Cops, kids connect for a cheerier Christmas

Walla Walla County Sheriff’s Deputy Gerrod Martin helps Amaya McDavid, 7, search for a toy for her brother.

Walla Walla County Sheriff’s Deputy Gerrod Martin helps Amaya McDavid, 7, search for a toy for her brother. Photo by Alfred Diaz.



WALLA WALLA — Local cops walked the beat of Walmart’s aisles Saturday on a mission to give toys to those who might have had to do without this Christmas.

“We don’t want any child in our community to wake up and know it is Christmas and not have anything for them under the Christmas tree,” Cops And Kids coordinator and sheriff’s Deputy Cristal Harris said.

This year, Cops And Kids (formerly Shop with a Cop) provided gifts for about 56 children from 21 families that are struggling this Christmas.

As in years past, the families were picked through the recommendations from local professionals whose jobs bring them in contact with families in need.

Those professionals include school counselors, social workers and law enforcement officers.

“I actually have a case on one guy who is coming here today; I still have to do my work,” Harris said.

Other families are picked for the program on recommendation from previous participants, which is how Ralyn Clodius was chosen — a friend who took part in 2011 suggested Clodius for this year.

“Hopefully we won’t be in this position next year, and I can be the one keeping it going,” Clodius said.

Cops And Kids works by allowing one child in the family to buy gifts at Walmart for all members of his or her immediate family.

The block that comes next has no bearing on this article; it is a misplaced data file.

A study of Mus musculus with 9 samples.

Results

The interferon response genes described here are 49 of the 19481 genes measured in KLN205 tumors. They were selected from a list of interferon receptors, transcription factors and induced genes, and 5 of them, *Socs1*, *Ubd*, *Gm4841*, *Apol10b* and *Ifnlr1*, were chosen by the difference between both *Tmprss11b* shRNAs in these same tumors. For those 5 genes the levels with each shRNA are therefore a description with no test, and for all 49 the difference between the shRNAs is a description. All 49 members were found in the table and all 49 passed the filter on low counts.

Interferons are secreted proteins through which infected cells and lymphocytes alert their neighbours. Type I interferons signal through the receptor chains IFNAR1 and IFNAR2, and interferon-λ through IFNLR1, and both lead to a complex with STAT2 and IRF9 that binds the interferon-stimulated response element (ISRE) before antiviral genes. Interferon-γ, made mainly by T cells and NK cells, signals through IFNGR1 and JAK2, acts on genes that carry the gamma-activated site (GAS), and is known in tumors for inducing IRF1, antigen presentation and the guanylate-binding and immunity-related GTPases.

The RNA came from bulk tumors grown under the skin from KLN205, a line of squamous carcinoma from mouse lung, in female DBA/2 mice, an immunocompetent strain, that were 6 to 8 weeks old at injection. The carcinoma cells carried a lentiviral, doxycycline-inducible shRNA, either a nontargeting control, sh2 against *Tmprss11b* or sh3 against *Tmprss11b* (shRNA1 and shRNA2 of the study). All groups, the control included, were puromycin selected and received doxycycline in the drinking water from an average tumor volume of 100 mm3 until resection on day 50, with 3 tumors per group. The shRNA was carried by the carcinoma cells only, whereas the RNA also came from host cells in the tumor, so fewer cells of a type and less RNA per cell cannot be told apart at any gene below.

That includes grandparents, aunts, uncles, cousins and pretty much anyone living in their household, Harris explained.

The local program costs about $2,000 to $3,000 each year to run and, since 1999, has been run by Blue Mountain Lodge No. 9 of the Fraternal Order of Police.

For the Clodius family, Owen, 7, was the child who got to pick out gifts.

“I didn’t tell him ahead of time. You know what would happen. ‘Is it today? Is it today?’ So I told him this morning. And he was so excited,” Clodius said.

For some families it was their second Cops And Kids, which worked out great for Amaya, 7, because last year she was upset her brother, Andrew, got to pick the gifts.

“This year they are quite excited and happy about it. Last year they didn’t understand it,” Carol-Lyn McAlvey, Amaya’s grandmother, said.

For approximately two hours, law enforcement from Walla Walla County Sheriff’s Office, Walla Walla Police Department, College Place Police Department, Columbia County Sheriff’s Office, Washington State Patrol and Washington Sate Department of Fish and Wildlife took turns leading kids around Walmart as their sponsored kids picked out gifts.

While completing their mission, the officers were tasked with ferreting out what the child wanted for his or her gift.

Then, as the child watched the gifts getting wrapped by a barrage of wrapping-table volunteers, an officer would sneak away and retrieve the one gift the child wanted.

That gift was then wrapped and put with the others, though no amount of wrapping paper was able to conceal at least one bicycle that was carried away.

Cops And Kids wrapped up with a visit and family photo with Santa. Then the gifts were grocery-carted away and taken home for Christmas.

People interested in donating to Cops And Kids should contact their local law enforcement agency.